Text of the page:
Some awesome independent scholar dude named Ray Cha (bust down those Ivory Tower gates!) has a blog that is most awesomely about technology and policy (check it out, Madisonian.net folks) found my cross-post about Your Daily Awesomeness on Scatterplot.
So awesomely awesome is Ray Cha’s awesomeness: the man has empirically assessed the use of “awesomeness” over the last four years. Go there for the graphs. But I will excerpt the analysis!:
Sometimes you learn a word and all of the sudden you see it everywhere. The nagging question is, was is always being used and you just glossed over it, or is there a change in the frequency of its use? You discovered the word precisely because it was starting to be used for more often.
Not too long ago, I found the word “awesomeness” entering my general vocabulary to signify great approval. Awesomeness feels fresh, a slight tweak on the new vintage “awesome” from the 80s, a personally influential era. However, in the past week, I’ve seen the word Awesomeness appear in a lot of places, from friends and strangers alike. I started thinking if the word has gaining traction in the public at large, so last weekend I started the quest to figure out ways to capture the growing use of the word.
Word frequency counts is nothing new. Media studies have been doing this type of research in newspaper and magazines for decades. However, it is becoming much more democratic, mostly because of the decreasing cost of computing and the related increase span of the web, which has been collecting data much easier. I decided to use the blogosphere because it seems like a pretty good proxy for general language usage.
Just looking at the words appearance in the past two full months, this is what I found:February-2008: Awesomeness: 17,182 ; Awesome: 736,783 ; Are: 61,531,049January-2008: Awesomeness: 9,627 ; Awesome: 429,769; Are [BL: control word]: 57,214,958
There is clear jump in the past two months, but what does that jump mean, if the total number of blog pages continues to grow? Both Awesomeness and Awesome almost doubled as compared to Are, but how do you measure the significance of that? Graphing all the frequency of these three words against each other is hard because are orders of magnitude higher then the others.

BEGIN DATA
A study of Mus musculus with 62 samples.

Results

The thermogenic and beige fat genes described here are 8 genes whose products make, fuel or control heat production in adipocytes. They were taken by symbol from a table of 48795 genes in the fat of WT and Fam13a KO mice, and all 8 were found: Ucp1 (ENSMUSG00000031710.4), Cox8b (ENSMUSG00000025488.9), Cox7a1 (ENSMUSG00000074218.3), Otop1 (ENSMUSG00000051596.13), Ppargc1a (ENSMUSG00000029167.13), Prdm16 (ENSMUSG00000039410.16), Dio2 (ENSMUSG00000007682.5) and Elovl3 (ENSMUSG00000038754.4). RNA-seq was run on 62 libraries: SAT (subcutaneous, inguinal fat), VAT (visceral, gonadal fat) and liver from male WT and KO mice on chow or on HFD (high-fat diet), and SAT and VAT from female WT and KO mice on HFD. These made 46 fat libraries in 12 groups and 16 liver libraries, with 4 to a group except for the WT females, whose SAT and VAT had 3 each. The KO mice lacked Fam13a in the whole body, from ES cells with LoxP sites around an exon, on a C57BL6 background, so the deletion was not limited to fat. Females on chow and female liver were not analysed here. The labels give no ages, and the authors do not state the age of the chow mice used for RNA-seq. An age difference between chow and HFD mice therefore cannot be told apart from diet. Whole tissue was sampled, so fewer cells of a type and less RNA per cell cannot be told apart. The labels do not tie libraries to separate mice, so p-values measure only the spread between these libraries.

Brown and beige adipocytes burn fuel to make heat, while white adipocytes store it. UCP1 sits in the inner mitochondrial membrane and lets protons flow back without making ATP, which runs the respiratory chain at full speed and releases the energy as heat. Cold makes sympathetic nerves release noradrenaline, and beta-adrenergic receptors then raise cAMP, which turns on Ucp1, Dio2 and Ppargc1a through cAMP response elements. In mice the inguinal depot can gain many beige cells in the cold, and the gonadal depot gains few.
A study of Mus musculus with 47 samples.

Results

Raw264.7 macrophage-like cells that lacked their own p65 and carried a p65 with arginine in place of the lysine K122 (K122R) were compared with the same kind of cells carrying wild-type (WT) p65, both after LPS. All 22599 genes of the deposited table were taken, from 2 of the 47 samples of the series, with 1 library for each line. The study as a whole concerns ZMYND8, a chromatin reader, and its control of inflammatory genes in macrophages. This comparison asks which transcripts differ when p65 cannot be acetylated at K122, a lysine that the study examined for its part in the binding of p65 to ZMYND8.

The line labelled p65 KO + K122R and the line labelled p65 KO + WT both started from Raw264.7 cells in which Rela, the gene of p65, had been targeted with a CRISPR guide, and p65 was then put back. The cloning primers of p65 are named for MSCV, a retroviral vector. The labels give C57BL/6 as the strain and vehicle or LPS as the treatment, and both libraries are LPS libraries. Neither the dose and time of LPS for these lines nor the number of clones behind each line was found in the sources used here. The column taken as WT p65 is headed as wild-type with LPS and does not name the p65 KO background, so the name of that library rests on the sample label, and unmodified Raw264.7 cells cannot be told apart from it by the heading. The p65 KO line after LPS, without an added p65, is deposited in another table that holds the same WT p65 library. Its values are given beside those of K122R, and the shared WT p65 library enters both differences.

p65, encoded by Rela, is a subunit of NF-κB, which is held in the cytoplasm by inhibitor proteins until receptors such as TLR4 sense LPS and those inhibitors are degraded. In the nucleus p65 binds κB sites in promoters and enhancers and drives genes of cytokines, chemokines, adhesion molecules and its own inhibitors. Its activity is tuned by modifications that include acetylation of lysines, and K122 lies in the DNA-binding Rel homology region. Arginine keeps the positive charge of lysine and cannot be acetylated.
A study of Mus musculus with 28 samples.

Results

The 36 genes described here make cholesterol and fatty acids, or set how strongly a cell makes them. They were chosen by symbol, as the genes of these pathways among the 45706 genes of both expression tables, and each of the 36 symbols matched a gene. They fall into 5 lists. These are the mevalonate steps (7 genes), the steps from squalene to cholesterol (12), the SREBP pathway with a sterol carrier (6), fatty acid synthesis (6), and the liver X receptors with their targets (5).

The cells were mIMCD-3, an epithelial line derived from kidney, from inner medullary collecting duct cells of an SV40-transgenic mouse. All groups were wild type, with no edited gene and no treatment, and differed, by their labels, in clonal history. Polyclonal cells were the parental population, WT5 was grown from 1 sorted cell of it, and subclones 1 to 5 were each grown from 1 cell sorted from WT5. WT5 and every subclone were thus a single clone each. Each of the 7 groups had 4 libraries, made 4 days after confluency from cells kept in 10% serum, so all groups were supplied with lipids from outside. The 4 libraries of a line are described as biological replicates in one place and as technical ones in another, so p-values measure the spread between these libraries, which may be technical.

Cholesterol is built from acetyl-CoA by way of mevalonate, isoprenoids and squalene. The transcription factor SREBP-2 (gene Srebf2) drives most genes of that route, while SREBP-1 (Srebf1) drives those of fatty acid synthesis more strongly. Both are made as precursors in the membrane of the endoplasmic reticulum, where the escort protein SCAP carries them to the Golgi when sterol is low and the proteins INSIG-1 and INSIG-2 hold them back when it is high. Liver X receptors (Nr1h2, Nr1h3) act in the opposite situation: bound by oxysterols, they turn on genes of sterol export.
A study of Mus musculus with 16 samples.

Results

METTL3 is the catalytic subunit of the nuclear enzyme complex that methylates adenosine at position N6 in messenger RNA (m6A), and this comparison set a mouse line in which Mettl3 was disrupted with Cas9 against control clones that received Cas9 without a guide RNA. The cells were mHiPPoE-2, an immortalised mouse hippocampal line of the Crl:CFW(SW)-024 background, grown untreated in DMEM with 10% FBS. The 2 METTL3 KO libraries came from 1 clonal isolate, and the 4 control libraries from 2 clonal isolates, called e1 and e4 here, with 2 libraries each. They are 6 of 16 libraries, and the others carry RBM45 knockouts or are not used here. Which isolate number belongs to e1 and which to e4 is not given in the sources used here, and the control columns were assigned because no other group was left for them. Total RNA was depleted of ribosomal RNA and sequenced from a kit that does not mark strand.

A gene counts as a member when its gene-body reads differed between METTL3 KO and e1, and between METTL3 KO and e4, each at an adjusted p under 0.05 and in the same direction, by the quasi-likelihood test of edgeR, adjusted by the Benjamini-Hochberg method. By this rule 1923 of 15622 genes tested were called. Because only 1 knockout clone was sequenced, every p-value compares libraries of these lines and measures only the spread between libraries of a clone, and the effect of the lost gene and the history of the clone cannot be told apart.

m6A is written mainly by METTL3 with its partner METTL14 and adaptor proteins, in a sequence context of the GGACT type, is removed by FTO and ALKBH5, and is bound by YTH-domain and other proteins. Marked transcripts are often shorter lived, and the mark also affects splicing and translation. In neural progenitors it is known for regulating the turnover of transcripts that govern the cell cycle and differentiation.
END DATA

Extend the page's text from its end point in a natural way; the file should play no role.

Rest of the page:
I fed the curves into excel to fit linear functions, and can see that Awesomeness has a slope of 0.0003 versus Awesome which has a slope of 0.0001. This is good, because it means Awesomeness is being used at rate that is 3 time more than Awesome. However, Are (our base line) has a slope of 0.001. This is sort of bad, because 80s slang doesn’t seem to be outpacing the general growth of blogs, which I was hoping to see.
I’m not sure what to make of it, in the end. However, it does have me thinking about blogs from a higher altitude and that math is pretty awesome.
My high school friends will tell you that I have been affixing -ness indiscriminately (coolness, as a nickname suffix akin to -arino like “Dudearino”), such is the greatness of my loserly geekitude. (-itude is also another favorite suffix). I do not use prefixes as often for whatever reason. But I was using ’80s slang back in the early ’90s, when it was too early to be nostalgic. This was before Grosse Pointe Blank, people.
It wasn’t even my awesomeness in the post, but I did describe it as “awesome” and affixed the suffix -ness to denote that it was aggregate, adjectival awesome, as opposed to the adverbial awesomely, or the singular, more focused “awesome.” I don’t think of awesomeness as being orders of magnitude greater than awesome, but I do think of it as either 1) an inherent property of the thing rather than an adjective externally imposed on the thing as judgment, or 2) aggregate awesome, that yes, one of these things is awesome, and the other thing is awesome, and together their awesomeness knows no bounds. See also, the more meek and banal “great.”
I wouldn’t call “awesomeness” a rediscovered slang word like “righteous” (that hasn’t made a comeback? damn!), but if it’s growth is as empirically demonstrated, then perhaps it will spread as infectiously as “teh” or “meh” or “w00t,” last year’s entry into the OED. Then I will have done my good deed of the day. Internet speak is lame. I would rather use ’80s slang, like “hot stuff!”